The role of the executor (or executrix) of an estate plan or will is to ensure the deceased person’s assets are distributed according to their wishes. The executor is often named in the will or estate plan, but sometimes a court will appoint an executor to an estate if one has not been named.
Even if you are named executor, you don’t have to accept the position. You can also decline to continue in the position once you’ve started and the court will appoint someone in your stead.
The overarching role of the executor of estate is to carry out the decedent's instructions. The executor has a fiduciary duty to do this, meaning they must act with integrity and honesty when dealing with the estate. They also must act with the best interests of the beneficiaries in mind instead of their own best interests. If a court finds that an executor did not fulfill his or her fiduciary duty, they can name someone else to take their place.
Some other notable responsibilities of an executor are:
One of the first things an estate executor must do is notify the beneficiaries, and this should be done in writing. Beneficiaries also have a right to know information about the estate, but that doesn’t necessarily mean that the executor will give them an itemized list.
Through the process of working through the estate, the executor may have to pay down debts with some of the assets which can reduce the final amount disbursed to beneficiaries. Because of this, beneficiaries should be notified in a timely manner, but they should not expect to receive their inheritance right away before the executor has had time to inventory everything, contact financial advisors, or field any calls from collectors.
Depending on how thorough the estate plan is (or if there is one), this job can be very easy or very difficult. It is up to the executor to find and organize all the estate documents including finding an original copy of the will if possible. These are often necessary for probate proceedings, and will be required to settle debts and disperse assets.
While it will vary depending on the estate, common documents are deeds and titles, insurance policies, investment or brokerage accounts, savings accounts, living trusts, and the descendant’s death certificate.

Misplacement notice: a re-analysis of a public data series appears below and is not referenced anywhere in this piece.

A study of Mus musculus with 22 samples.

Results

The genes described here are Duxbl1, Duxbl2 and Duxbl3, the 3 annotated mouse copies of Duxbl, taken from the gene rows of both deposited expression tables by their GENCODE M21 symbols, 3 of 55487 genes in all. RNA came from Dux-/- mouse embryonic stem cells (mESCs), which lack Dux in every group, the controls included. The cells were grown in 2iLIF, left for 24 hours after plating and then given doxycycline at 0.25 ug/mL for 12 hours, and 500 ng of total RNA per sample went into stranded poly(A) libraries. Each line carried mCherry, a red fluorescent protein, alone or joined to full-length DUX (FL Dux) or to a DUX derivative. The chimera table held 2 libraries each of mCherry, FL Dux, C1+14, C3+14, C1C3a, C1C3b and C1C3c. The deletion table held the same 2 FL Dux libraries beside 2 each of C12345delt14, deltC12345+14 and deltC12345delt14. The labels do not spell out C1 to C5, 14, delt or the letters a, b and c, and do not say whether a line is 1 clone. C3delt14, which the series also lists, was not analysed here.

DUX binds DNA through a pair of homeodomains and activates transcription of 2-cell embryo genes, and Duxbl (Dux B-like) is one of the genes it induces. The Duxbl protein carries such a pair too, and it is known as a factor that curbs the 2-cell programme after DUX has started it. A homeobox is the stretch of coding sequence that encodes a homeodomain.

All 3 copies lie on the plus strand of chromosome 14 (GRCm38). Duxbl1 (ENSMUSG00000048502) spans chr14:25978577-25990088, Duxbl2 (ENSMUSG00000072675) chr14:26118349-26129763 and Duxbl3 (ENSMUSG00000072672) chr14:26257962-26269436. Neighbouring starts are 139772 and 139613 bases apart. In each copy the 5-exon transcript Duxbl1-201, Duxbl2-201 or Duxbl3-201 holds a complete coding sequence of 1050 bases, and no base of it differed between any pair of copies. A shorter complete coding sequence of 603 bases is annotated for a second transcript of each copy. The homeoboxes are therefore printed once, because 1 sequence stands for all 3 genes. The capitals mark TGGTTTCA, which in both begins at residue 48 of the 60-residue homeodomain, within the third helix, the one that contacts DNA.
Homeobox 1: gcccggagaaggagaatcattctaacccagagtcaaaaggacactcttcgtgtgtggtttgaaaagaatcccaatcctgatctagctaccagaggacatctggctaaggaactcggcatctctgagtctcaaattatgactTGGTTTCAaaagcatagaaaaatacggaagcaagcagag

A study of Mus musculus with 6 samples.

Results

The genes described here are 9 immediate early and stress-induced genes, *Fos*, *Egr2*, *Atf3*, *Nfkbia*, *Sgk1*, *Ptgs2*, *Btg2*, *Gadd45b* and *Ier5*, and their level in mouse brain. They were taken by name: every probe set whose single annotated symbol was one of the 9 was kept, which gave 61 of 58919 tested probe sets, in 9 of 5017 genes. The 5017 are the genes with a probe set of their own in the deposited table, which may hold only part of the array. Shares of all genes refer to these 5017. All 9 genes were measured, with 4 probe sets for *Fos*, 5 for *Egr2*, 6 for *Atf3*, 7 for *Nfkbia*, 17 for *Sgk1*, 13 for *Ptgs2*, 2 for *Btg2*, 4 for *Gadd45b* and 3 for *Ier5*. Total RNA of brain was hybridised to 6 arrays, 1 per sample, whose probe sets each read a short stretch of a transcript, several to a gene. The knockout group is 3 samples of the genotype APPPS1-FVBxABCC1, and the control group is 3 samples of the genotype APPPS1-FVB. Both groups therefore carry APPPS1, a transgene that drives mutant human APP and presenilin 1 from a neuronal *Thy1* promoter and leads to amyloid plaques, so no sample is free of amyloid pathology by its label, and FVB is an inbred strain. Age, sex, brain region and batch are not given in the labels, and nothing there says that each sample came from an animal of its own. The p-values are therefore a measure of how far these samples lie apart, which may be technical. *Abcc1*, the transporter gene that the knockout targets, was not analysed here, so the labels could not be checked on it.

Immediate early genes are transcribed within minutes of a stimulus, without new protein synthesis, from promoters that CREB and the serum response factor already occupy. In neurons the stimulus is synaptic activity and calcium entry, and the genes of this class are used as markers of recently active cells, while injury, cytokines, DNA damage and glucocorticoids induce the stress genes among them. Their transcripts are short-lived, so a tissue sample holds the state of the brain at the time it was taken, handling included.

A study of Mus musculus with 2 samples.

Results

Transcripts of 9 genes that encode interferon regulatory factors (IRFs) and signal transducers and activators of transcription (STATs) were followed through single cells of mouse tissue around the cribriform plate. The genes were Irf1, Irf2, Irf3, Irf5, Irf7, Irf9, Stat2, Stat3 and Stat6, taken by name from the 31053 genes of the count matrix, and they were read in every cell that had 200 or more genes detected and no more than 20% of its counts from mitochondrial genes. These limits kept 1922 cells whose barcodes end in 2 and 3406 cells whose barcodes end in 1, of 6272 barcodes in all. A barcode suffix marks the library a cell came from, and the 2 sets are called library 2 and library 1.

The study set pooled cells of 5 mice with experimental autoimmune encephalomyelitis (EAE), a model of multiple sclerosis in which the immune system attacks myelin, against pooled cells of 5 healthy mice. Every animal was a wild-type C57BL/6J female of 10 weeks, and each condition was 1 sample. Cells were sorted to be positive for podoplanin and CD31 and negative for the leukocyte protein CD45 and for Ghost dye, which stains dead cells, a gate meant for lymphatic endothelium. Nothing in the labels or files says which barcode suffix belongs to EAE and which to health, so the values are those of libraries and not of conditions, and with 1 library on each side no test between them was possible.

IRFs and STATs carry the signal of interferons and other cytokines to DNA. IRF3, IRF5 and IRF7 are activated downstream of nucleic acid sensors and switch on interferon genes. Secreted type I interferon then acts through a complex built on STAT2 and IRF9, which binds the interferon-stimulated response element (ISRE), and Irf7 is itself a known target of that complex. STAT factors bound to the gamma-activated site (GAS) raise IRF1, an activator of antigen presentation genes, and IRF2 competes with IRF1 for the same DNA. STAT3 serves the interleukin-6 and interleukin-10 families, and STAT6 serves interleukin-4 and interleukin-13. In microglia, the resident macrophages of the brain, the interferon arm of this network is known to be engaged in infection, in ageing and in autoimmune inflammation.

In addition to leaving behind assets, an estate also leaves behind any debt and tax burdens as well, and it’s up to the executor to pay these. These can often be paid by selling off portions of the estate or through funds remaining in accounts. These will all need to be taken care before any beneficiaries receive their inheritance.
You will now need to investigate all assets and make sure you’ve accounted for everything. This could me searching physically through a house or office, or electronically through a computer.
You’ll need to compile all this information and the documents you found into a list that also includes their valuation when the deceased died. You may need to enlist the help of an appraiser for this. Additionally, you’ll need to determine to whom each asset is going to.
After debts and taxes have been paid, and all assets have been inventoried and evaluated, the executor distributes assets. Each state will have different guidelines on the timeframe in which this should happen, but in general it should take place within a year. You should keep thorough records of all your dealings with assets management and distribution on the chance something is disputed or if the court requests documentation.
Some properties will not have to go through probate to be distributed to beneficiaries, and can be handled more easily. The most common way this would happen is through a living trust where the trustee has already been transferred ownership.
This could also happen for certain investment, savings, or insurance accounts that have named beneficiaries. In this case they can be collected without going through the estate plan or court. There is also an option for simpler estates to be deemed a “small estate” by the court and settled out of probate, though the criteria for this varies by state.
The person you choose to be your executor is responsible for your entire estate—seeing that your assets are distributed to all your beneficiaries, paying off all debts and taxes, and following all your instructions to the best of their ability. If you have children, either minor or dependent adults, your executor will also be responsible for making sure they are with your preferred guardian. When estate planning, you’ll need to choose someone trustworthy, organized, and responsible for this position.